Undergraduate tuition rates in the 2018-19 academic year are set to increase by 3.5 percent to $53,520 from $51,720, Provost Robert Groves announced in a campuswide email Wednesday.
The increase, identical to last year’s change, falls below the university’s earlier projections for 4 percent hikes through 2020. Tuition has risen every year since 2012, when full-time undergraduates paid $46,200 annually. The rate of increase has slowed slightly in more recent years. Last year’s 3.5 percent hike followed a 4 percent increase in 2016 and a 4.3 percent increase in 2015.
Groves emphasized greater support for students in the form of financial aid. Specifically, he committed to allocating over $200 million for financial aid next year, the university’s largest ever investment according to Groves.
Rates for housing are also slated to increase, according to Groves. Room rates for residence halls, upperclassmen suites and apartments will increase by 2 percent and rates for townhouses will increase 3.6 percent for single rooms and 4 percent for double and triple rooms.
Meal plan costs are set to increase by 4 percent from the 2017-18 academic year level, though students will be offered a range of new meal plans to customize their spending. The cost of study abroad programs will also increase to $26,670 from $25,860, in line with the overall rise.
“In setting tuition rates, we must balance the competing needs of academic programs, students, faculty, staff, facilities and infrastructure,” Groves wrote in the email. “We continue to prioritize cost containment efforts, and have renewed our commitment to securing scholarship funding.”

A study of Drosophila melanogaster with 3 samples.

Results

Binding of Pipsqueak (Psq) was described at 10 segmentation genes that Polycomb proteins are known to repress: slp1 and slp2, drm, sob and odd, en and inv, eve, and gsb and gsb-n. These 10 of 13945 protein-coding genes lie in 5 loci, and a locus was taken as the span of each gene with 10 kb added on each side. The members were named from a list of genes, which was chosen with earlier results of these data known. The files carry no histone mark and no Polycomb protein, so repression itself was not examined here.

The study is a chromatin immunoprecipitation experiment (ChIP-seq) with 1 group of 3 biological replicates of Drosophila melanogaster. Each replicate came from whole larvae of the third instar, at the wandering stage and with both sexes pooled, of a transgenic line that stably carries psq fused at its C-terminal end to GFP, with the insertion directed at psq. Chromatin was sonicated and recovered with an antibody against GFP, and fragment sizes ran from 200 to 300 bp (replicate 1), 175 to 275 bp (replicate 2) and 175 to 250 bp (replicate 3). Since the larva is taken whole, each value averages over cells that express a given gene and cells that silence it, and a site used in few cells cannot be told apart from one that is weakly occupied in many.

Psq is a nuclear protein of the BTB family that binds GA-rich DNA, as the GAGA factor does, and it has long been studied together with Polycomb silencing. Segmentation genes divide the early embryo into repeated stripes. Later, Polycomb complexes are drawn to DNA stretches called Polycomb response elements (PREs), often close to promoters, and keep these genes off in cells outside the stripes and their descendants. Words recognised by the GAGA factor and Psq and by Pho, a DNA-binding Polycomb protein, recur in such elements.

To fulfill its competing interests, the university expects to direct 43 percent of tuition funds to instruction and 21 percent to financial aid and graduate student support.
“We are actively working to minimize tuition increases, and we maintain our deep commitment to attracting the brightest students regardless of their financial circumstances,” Groves wrote.
Georgetown relies on withdrawals from its endowment – 5.6 percent of the total fund, according to the Investment Office – to finance scholarships.
Compared to the endowments of top 20 schools on U.S. News and World Report’s National Universities Ranking, Georgetown’s $1.484 billion endowment is the smallest. Emory University and University of California Berkeley, which rank directly below Georgetown, have endowments of $6.402 billion and $4.045 billion, respectively.
“Georgetown is one of only a few dozen colleges that maintain a commitment to a ‘need-blind, meet-full-need’ admission and financial aid policy for undergraduates, meaning that every student admitted to Georgetown through a rigorous selection process can attend regardless of their ability to pay,” Groves wrote.
The Office of the Provost, Georgetown University Student Association and Georgetown University Graduate Student Government hosted a roundtable on tuition in November to solicit student feedback and explain university expenses.
In his campuswide email, Groves acknowledged the burden on students inevitable in increasing tuition.
“We are very much aware of the significant investments students and families make to pursue a Georgetown education,” Groves wrote. “University leaders, faculty and staff take these investments seriously and work hard each year to reduce direct costs, increase philanthropic support for scholarships and mitigate rising expenses of providing a Georgetown education.”